A client recently concluded a development project and one of the managers was looking to perform an AAR. On this project, everything was going smoothly and they were on the verge of getting their approvals when two things got in the way. First, they were assigned a new city planner, someone unfamiliar with their project. At the same time, the municipality changed some safety protocols which affected the initial permit application. In retrospect, it’s easy to say, “There’s nothing we could have done. We had no control over the reassignment or the policy changes. Who could have predicted it?”
The problem with this kind of thinking is it destroys the learning opportunity. It’s true that they couldn’t have predicted that particular planner would get reassigned at that particular time, but it’s equally true that they could’ve predicted that, at some point, some planners are going to get reassigned when in the middle of permitting. The orientation toward the AAR should consider the 20/20 value of hindsight. “No, we couldn’t predict it, but next time this happens, what is our process for getting the new planner up to speed as quickly as possible? What is the meeting agenda, what questions should we ask them, what additional information packages or executive summaries should we provide to make the transition better? Even if we did things 97.3% right last time, knowing what we know now, what was the other 2.7% and how can we improve in that area?”
Send the agenda for the AAR well in advance and ask people to come with written notes on their thoughts. The meeting ideally has six people or fewer (more than that and people become observers instead of participants) and attendance should be optional. If they don’t feel they have something to contribute, they shouldn’t come. There should be an action log to capture how the organization will embed the learning (and who will do it, and by when) and a parking lot to capture important ideas that don’t quite fit in this conversation but should be carried over to a different strategic meeting. The meeting should have a chair or facilitator to keep the discussion moving, ensure all voices are heard, and maintain the action log and parking lot. The leader of the meeting encourages healthy debate, keeps people future focused, and makes decisions.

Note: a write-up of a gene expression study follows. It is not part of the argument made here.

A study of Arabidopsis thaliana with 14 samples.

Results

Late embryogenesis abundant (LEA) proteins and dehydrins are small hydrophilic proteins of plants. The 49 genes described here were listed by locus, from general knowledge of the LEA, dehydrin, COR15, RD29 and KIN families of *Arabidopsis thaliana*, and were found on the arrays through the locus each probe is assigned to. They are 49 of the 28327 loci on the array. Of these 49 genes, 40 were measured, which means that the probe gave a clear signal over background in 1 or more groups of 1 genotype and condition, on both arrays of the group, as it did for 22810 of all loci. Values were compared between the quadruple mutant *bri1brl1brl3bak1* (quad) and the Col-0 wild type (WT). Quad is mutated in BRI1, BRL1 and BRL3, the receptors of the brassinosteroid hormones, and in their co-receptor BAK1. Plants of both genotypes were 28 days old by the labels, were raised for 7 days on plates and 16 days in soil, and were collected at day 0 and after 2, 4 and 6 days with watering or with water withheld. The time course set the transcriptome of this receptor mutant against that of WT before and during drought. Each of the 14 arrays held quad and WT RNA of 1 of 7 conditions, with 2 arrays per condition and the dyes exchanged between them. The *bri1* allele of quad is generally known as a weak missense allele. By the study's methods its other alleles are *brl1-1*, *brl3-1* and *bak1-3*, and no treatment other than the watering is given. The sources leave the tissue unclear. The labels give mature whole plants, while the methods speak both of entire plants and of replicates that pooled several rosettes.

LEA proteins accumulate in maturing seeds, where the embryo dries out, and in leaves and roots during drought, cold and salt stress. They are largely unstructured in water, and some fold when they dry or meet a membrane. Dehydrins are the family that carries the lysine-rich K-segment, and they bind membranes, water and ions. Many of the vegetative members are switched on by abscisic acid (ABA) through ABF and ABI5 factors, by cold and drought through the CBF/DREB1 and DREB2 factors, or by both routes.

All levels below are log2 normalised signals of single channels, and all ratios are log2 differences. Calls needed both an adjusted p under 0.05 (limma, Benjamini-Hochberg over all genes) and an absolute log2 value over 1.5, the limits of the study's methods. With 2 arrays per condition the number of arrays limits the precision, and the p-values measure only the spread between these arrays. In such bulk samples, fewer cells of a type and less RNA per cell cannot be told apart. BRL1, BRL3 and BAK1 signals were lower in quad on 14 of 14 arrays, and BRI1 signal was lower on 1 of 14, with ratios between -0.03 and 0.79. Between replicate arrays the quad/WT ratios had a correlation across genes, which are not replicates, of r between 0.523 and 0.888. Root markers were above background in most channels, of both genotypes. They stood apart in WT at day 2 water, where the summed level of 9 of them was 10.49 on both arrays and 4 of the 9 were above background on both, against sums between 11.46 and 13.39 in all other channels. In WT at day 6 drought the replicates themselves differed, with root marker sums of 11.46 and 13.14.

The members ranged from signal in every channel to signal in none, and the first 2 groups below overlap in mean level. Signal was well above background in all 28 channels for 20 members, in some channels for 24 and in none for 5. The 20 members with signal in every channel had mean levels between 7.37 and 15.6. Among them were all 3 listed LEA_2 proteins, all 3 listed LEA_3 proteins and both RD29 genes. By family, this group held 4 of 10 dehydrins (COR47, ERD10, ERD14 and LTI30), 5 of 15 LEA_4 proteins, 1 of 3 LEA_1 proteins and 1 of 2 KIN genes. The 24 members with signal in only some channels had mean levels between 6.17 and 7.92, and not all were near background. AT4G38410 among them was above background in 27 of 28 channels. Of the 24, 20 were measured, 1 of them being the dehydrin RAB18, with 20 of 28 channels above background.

Everyone – even you, even me – faces adversity and makes mistakes. The annals of business literature are riddled with “fail fast and often” stories. Failure has been glorified by many a star-CEO, particularly after they have succeeded. The piece that is underrated, however, is the learning that comes from mistakes. No matter how small or how large, every project should teach us something to improve the next project. Not just teach the lesson but implement the systems that will prevent the learning from being lost. The AAR agenda is easy, but the orientation toward the discussion and the actions that come after are what determines its success.
Next time you hear someone on your team say, “It was tough, but we learned a lot,” make sure you ask them what they learned and how they will mitigate the risk in the future. If they have trouble answering, it’s time to book an AAR.